Today marks World Food Safety Day, which aims to create awareness and inspire action for people to get involved in alleviating and managing food-borne risks, contributing to economic prosperity, tourism, sustainable development, over-all health and agriculture.

We caught up with Andile Ngcobo, who is a young farmer and manager of KZN-based Tusokuhle farm to share his insights on the current state of food safety in the South African agricultural landscape

Q. What are some of the Food risks that South Africa may be facing currently?

South Africa has experienced drought in the past five years. The amount of produce that South Africa had, with regards to sugar, was quite low. Therefore, we had to rely on imports. Since the imports are much cheaper because countries outside of South Africa get subsidised by their governments such as Argentina and Brazil, they can afford to produce at a cheaper rate than we can, which is a problem. When the cheaper imports started coming in, and consumers became accustomed to them, the South African market became crippled. The sugarcane price dropped and farmers lost a lot of profit. So much that a lot of farmers pulled-out from sugarcane and moved to other industries. 

In the vegetable production perspective, it was a climatic condition. We usually plant cabbage in winter months, sometimes in summer, however, last year November/December we experienced hail throughout the country and this damaged a lot of crops completely.

Q. What systems do farmers need to have in place in order to ensure that the food that they produce, doesn’t get contaminated?

In the vegetable production system, you need to make sure that you don’t have people coming in and out of different fields because diseases and seeds can be simply carried by, say, the tires of a car. This can contaminate the land with things like weeds and weeds harvest pests which can damage our crops. So, you want to avoid that by stopping the amount of traffic that comes in and out of the farm.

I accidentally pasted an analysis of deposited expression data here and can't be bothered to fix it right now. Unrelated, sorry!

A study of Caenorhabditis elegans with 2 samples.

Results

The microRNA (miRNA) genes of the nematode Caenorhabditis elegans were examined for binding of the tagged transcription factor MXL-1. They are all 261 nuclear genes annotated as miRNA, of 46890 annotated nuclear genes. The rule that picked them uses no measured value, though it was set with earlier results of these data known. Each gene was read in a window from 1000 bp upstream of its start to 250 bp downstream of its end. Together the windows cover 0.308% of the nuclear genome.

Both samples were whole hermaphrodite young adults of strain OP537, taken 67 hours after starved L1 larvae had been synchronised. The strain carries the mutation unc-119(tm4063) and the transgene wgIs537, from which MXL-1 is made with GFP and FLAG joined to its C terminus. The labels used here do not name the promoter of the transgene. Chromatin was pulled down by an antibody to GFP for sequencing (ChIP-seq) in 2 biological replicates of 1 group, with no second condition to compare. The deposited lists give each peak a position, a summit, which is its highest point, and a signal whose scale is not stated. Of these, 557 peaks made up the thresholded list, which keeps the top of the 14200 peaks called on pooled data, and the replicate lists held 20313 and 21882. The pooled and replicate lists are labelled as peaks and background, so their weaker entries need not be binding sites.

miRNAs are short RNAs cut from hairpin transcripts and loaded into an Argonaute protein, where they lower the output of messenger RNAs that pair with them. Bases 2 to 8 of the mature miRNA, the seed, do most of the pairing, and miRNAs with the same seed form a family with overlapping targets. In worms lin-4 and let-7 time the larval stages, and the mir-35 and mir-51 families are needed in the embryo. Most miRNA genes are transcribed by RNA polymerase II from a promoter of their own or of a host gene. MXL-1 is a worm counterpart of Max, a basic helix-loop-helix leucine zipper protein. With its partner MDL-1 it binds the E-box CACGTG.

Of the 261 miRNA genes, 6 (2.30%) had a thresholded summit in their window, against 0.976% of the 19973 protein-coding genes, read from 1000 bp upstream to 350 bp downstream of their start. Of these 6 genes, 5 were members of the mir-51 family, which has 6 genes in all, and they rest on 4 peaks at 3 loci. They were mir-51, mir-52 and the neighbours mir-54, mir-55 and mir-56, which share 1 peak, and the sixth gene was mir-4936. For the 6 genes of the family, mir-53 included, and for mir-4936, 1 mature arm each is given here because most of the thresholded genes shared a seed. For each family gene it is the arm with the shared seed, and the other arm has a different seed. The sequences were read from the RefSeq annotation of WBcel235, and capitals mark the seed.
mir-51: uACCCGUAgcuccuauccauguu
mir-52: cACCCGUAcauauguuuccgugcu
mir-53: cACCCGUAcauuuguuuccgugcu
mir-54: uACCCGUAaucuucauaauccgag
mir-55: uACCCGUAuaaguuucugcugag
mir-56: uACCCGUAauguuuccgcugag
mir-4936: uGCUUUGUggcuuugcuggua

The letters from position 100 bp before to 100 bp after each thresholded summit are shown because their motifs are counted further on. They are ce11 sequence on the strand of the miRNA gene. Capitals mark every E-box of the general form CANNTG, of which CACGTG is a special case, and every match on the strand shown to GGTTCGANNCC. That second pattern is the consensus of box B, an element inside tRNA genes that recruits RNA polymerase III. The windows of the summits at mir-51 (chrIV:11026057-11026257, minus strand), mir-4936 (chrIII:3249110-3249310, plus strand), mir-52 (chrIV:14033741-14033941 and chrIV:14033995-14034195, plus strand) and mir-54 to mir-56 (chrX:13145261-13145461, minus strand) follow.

We have a spray programme to ensure that we cover our crops, safe from contamination, and protect them from Fungi, as well as unpredictable weather conditions. Change in weather can cause rotting in fresh produce

Q. Is there support from government?

In agriculture, it is difficult for government to support because there are various enterprises within agriculture. So, encompassing all these different avenues; there would have to be a single type of subsidy structure. For example, it would help if government subsidised fuel costs because of the high cost – at least by half, or incentivised farmers by not having to pay the full minimum wage

Q. How has COVID 19 impacted food safety?

It has to some extent, even though we haven’t seen it directly. We haven’t seen a single day of lockdown as farmers. We have been working from day 1. We only saw this when our crops’ value was lowered so that we can meet the demands of the market when lockdown rules were eased

Q. For people with small gardens, what can they do to improve the quality of their plants/food?

They can plant good quality seeds. Sound management is also important as you need to be present and watch over your garden. You need to monitor things like moths flying around, if they are it means they probably laid eggs, which will grow into worms – so you have to spray over all your plantation to make sure they don’t get damaged or contaminated. Also, don’t throw out all of your peels from organic food that you eat. You can always have a compost keeping. Lastly, have an integrated planting method that will allow for a more natural response.